Written by Tammy Walro
December 31, 2008
(StatePoint) With the government-mandated transition to digital broadcasting upon us, many are taking advantage of after-holiday sales to purchase HDTVs that display improved images.
However, it sometimes seems you need to be an engineer to choose an HDTV.
“People don’t buy television sets scientifically,” says Gary Merson, editor of HDGuru.com. “The biggest mistake people make when buying an HDTV is they buy too small a screen. You can either sit much closer or get a bigger screen to really appreciate the sharpness.”
“It’s also important to consider that HDTVs can connect with other devices. With a variety of media formats now available, a TV needs to be more than just a TV,” emphasizes Bob Perry, senior vice president, Panasonic Consumer Electronics Company. “Whether you want to view photos and home videos, play video games, watch movies or use your TV as a computer monitor, it’s easier than ever to connect an HDTV set with other devices.”
Here are some things to consider from Merson and Perry, to make selecting the right HDTV set easier.
• Almost anything you watch on an HDTV will look good, but to maximize its capabilities you’ll want HD content. If you have cable service, you’ll need a high definition cable box. The same goes for satellite receivers. And if you want to watch broadcast stations in HD, you need a built-in HDTV tuner and an antenna.
• Plasma vs. LCD: “Overall, the best picture quality is plasma, says Merson. “Plasma has a higher contrast ratio. Plasma TVs also have very wide viewing angles that do not lose brightness, blackness level, or contrast as you move off access.”
• You’ll need to choose between 1080p and 720p HDTVs. 1080p provides two million pixels on your screen while 720p delivers one million pixels. Higher pixel count means higher resolution and clearer, more detailed images. This is especially visible on larger screens above 42 inches. Be aware that today the only way to get 1080p resolution on your HDTV is with a Blu-ray player.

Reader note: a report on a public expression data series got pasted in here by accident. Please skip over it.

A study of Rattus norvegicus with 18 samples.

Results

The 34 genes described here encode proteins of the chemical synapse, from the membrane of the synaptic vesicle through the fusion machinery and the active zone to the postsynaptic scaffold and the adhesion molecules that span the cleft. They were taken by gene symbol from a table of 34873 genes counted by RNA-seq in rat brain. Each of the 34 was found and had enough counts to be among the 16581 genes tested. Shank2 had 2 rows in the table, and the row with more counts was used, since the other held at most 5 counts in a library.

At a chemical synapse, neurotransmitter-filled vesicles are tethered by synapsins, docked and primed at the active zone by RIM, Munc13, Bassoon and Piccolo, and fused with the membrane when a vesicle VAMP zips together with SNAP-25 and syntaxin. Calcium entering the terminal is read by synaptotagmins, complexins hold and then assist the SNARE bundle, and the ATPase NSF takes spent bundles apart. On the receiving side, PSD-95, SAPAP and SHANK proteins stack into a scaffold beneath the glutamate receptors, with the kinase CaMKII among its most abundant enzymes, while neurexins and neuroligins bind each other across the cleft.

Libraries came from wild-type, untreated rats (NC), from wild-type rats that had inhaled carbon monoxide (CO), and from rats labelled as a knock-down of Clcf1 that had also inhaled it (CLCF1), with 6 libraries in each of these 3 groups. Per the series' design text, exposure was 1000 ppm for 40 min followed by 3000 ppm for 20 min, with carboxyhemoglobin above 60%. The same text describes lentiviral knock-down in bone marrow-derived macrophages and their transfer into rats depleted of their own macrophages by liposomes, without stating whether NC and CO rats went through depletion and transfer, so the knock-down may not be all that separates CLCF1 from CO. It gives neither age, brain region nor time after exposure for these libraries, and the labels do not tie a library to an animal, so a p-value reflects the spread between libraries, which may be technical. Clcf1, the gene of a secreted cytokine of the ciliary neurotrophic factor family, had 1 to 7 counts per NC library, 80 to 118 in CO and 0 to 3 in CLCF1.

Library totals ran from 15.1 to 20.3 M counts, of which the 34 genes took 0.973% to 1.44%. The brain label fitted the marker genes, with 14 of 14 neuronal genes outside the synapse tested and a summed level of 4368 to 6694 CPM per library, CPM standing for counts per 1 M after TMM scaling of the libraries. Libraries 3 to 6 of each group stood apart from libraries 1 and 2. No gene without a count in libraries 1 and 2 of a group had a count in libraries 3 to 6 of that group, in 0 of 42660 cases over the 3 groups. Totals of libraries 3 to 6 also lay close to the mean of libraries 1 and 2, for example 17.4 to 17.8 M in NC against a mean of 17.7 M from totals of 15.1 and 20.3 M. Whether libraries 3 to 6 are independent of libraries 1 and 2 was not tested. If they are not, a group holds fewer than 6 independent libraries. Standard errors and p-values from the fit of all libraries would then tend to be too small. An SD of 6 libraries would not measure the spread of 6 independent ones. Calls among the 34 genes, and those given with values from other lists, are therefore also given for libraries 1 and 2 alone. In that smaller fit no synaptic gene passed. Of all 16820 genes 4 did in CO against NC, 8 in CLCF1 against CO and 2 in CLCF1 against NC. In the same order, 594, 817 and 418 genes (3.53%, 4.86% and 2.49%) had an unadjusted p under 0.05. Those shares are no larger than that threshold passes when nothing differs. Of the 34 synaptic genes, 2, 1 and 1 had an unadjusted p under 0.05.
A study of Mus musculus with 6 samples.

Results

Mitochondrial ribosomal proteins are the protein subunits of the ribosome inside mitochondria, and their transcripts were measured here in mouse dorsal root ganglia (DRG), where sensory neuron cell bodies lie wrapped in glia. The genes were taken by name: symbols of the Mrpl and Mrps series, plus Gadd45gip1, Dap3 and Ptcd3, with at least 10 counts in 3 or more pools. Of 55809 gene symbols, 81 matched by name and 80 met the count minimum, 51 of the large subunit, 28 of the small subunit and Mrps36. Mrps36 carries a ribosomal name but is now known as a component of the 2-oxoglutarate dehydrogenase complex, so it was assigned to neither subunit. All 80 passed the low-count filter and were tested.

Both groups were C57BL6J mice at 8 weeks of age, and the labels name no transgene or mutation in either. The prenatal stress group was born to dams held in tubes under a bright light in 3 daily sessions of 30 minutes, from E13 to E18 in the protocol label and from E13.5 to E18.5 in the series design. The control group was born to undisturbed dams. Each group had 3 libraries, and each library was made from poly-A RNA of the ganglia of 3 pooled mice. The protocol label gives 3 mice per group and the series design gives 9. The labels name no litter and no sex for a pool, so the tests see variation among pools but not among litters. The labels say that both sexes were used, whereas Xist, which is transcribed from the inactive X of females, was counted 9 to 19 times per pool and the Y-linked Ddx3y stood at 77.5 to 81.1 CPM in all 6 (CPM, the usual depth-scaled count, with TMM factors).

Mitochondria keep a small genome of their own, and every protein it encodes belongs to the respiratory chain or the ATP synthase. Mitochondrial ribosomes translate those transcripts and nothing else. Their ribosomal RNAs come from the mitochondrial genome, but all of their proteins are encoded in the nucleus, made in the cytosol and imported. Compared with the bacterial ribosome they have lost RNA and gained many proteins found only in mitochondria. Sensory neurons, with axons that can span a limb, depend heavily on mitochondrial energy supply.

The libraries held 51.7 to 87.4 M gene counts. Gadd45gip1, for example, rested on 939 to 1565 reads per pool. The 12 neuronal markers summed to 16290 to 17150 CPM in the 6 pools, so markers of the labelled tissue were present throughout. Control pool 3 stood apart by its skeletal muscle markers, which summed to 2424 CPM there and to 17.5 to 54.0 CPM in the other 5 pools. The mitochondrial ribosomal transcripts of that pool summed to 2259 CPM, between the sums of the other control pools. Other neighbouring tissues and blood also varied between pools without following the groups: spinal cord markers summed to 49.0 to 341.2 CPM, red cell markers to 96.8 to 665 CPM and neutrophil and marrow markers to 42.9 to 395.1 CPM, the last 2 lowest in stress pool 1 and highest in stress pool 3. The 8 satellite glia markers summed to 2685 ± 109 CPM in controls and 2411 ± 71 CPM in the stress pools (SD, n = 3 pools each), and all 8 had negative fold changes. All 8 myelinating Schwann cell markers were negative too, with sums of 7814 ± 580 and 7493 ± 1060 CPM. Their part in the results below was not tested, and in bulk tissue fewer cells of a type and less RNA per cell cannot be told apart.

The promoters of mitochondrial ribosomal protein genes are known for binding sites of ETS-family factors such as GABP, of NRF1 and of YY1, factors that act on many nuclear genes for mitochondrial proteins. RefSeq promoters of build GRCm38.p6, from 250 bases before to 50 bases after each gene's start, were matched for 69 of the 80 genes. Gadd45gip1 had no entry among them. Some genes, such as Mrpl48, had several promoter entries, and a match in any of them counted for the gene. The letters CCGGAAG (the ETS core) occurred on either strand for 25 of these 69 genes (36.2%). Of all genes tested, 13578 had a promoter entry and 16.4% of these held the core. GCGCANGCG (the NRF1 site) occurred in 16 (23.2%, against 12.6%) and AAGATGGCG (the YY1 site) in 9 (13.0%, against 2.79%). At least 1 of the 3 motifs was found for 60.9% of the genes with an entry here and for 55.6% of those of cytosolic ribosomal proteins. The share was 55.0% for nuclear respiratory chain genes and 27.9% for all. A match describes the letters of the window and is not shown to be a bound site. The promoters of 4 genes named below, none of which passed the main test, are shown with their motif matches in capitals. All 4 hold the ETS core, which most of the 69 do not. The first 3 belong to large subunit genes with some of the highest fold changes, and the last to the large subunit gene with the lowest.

• Blu-ray Disc players make a difference. It resembles a DVD, but delivers six times the resolution of DVD and has much higher storage capacity to deliver the best picture and sound. It’s also important to remember that Blu-ray players can also play standard DVDs and CDs
• Connect with an HDMI cable. HDMI stands for High Definition Multimedia Interface, and it’s the only cable you need to connect your camcorder, DVD player or Blu-ray player to your HDTV. It’s a single wire that carries both the HD video and audio information to your components. If you use analog cables you need a minimum of five wires to accomplish what HDMI does in one and it carries 100 percent of the image because it’s digital.
• HDTVs can connect to cameras, game players and even the Internet. Web-enabled sets that provide access to YouTube, Google’s Picasa Web Album and Bloomberg are also available.
For more free HD advice, visit www.livinginhd.com.